Specimen MS69 1964 Half Dollar--The Ultimate Business Strike1964 50C MS69 Specimen NGC. Any skepticism one might have about this coin's status is immediately dispelled once its surfaces are examined under magnification--and we strongly encourage close examination. It may be useful to first state what this coin is not. It is not a 1964 proof, it is not a 1964 Special Mint Set piece, and its texture suggests a different method of production from a regular business strike 1964 half. So, what do we know from examination of the coin's surfaces? First, it is definitely a business strike. Second, it has uncommonly sharp definition; in fact, the striking details rival that of a proof, which would indicate the coin was struck multiple times. The fields also show innumerable die polishing marks on each side. This usually produces a prooflike or at least semi-prooflike coin. On this piece, though, the fields are bright but there is no reflectivity present. The luster is also quite different from all other 1964 halves we have seen. The finish varies from the soft mint frost often seen on most Philadelphia coinage to a flashy, cartwheel luster seen on many 1964 halves. On this coin, the surface texture has a definite satiny finish. When one adds up all these characteristics, it seems that the intent on the Mint's part was to produce the ultimate business strike 1964 half dollar. But why?
The only clue we have about the production of any special business strike 1964 halves comes from a short quote in the Breen Encyclopedia, page 418: "On Feb. 11, simultaneous ceremonies were held at both mints in the presence of a variety of Treasury officials, celebrating the new design; but coins were not available to the general public until March 5..." This February 11 special striking would seem to provide the occasion as well as the means of striking such a coin as is represented here. It would also at least suggest the possibility of the existence of a similar coin(s) from the Denver mint.
Magnification fails to reveal any trace of coin-to-coin contact on either side. The only interruption in the surfaces are a couple of microscopic abrasions along the highpoint of the truncation of the neck, and a few others on the raised, vertical shield lines on the reverse. These tiny marks could easily be produced by the piece coming in contact with a table or other hard surface--not an unlikely scenario for a 39-year old coin that was probably owned for most of that time by a non-collector. Kennedy's face is smooth and unblemished, as are the fields. The strike is also uncommonly sharp, the only coin to compare it to being a proof (again, reinforcing the multiple strike theory). As for pedigree identifiers, there are very few and none can be seen without a magnifier. On the lower reverse, a very thin, vertical toning streak extends from the lower left (facing) wing of the eagle down to the rim running alongside the upright of the L in HALF. A tiny grease stain can also be seen just below the eagle's left (facing) talon, and another, larger grease stain is located on Kennedy's nose (this one may actually be viewable without magnification). Most of the original mint brilliance is still present, but there is just the lightest bit of golden toning present around the margins.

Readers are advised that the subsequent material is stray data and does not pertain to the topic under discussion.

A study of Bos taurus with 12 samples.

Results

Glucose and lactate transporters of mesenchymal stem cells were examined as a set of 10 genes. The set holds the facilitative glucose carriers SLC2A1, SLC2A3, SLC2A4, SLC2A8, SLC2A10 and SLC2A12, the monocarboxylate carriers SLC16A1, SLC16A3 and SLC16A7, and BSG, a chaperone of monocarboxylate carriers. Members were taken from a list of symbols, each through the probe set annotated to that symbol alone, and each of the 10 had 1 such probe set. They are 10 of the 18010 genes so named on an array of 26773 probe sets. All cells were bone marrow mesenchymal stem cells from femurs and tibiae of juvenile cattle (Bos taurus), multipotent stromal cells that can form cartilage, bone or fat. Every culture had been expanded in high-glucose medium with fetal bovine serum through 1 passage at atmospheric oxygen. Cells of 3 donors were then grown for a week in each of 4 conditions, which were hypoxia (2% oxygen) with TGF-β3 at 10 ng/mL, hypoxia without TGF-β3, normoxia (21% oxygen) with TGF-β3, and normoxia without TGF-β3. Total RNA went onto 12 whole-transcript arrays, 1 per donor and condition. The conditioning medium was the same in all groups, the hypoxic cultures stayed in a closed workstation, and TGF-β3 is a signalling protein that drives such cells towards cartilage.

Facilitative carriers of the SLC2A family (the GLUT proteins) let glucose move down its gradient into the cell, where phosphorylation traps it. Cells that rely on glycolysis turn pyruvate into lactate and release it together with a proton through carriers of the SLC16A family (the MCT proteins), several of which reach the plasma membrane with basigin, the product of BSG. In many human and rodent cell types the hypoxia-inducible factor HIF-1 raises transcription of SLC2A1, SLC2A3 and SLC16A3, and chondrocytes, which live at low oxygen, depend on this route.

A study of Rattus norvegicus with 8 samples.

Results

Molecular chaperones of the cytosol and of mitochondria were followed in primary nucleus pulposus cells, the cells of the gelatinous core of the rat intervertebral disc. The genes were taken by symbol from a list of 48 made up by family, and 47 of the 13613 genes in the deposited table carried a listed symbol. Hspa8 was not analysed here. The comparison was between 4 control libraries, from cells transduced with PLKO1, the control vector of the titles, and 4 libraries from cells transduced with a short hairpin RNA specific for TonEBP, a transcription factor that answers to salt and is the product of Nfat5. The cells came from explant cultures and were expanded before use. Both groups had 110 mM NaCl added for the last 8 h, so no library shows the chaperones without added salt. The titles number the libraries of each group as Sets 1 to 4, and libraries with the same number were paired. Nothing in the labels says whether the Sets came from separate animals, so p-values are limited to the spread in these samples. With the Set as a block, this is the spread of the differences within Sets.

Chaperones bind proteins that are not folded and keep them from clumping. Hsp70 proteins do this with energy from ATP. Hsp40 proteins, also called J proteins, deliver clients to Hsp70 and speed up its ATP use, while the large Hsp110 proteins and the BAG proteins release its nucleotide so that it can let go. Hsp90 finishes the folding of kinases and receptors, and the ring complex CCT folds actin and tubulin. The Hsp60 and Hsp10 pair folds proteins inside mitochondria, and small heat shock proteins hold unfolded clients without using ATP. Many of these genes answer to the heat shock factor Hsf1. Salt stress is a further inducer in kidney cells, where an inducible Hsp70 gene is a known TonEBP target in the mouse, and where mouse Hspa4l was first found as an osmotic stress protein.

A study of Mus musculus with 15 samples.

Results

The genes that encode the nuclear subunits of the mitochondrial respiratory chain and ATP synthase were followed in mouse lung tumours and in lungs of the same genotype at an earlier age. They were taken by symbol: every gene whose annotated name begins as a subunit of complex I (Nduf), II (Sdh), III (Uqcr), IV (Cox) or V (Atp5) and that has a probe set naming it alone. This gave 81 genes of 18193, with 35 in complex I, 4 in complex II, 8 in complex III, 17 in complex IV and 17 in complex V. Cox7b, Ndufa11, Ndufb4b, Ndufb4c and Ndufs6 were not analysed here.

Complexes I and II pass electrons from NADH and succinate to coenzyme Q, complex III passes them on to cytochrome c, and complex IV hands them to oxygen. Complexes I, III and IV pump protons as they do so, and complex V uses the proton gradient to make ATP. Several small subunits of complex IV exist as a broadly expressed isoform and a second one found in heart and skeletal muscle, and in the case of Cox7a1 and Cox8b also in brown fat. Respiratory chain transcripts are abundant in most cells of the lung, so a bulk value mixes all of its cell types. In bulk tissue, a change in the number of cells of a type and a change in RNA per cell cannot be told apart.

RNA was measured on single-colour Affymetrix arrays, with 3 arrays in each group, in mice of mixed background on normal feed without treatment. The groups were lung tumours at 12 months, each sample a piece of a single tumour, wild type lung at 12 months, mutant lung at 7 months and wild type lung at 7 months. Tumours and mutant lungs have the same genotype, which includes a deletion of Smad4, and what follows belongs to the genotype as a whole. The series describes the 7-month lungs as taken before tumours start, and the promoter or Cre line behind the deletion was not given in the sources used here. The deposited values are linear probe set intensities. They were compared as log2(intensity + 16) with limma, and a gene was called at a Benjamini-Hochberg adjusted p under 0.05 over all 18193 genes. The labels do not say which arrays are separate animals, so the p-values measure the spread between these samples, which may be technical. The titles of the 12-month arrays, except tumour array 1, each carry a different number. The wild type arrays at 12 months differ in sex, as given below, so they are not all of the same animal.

There are a great many collectors of this series. Some collect because they remember the thousand days of Camelot, some because of the beauty of the design, others want only the finest Registry set. Whatever one's motivation for collecting Kennedy halves, it will be difficult to resist the allure of this specially struck coin. (NGC ID# 27WH, PCGS# 6706)
Weight: 12.50 grams
Metal: 90% Silver, 10% Copper
Learn more at the Newman Numismatic Portal at Washington University in St. Louis.
This work will be the premier reference for 1796-1797 half dollars for years to come. Institutions having an extensive numismatic library or coin cabinet will find it a valuable complement to their holdings, and catalogers charged with writing up specimens for auction can now have an indispensable source of background and pedigree information. Likewise, coin dealers seeking to purchase one or more '96 or '97 half dollars for a client or for inventory, and collectors who own, have owned, or desire to own one will want this important reference work for their libraries.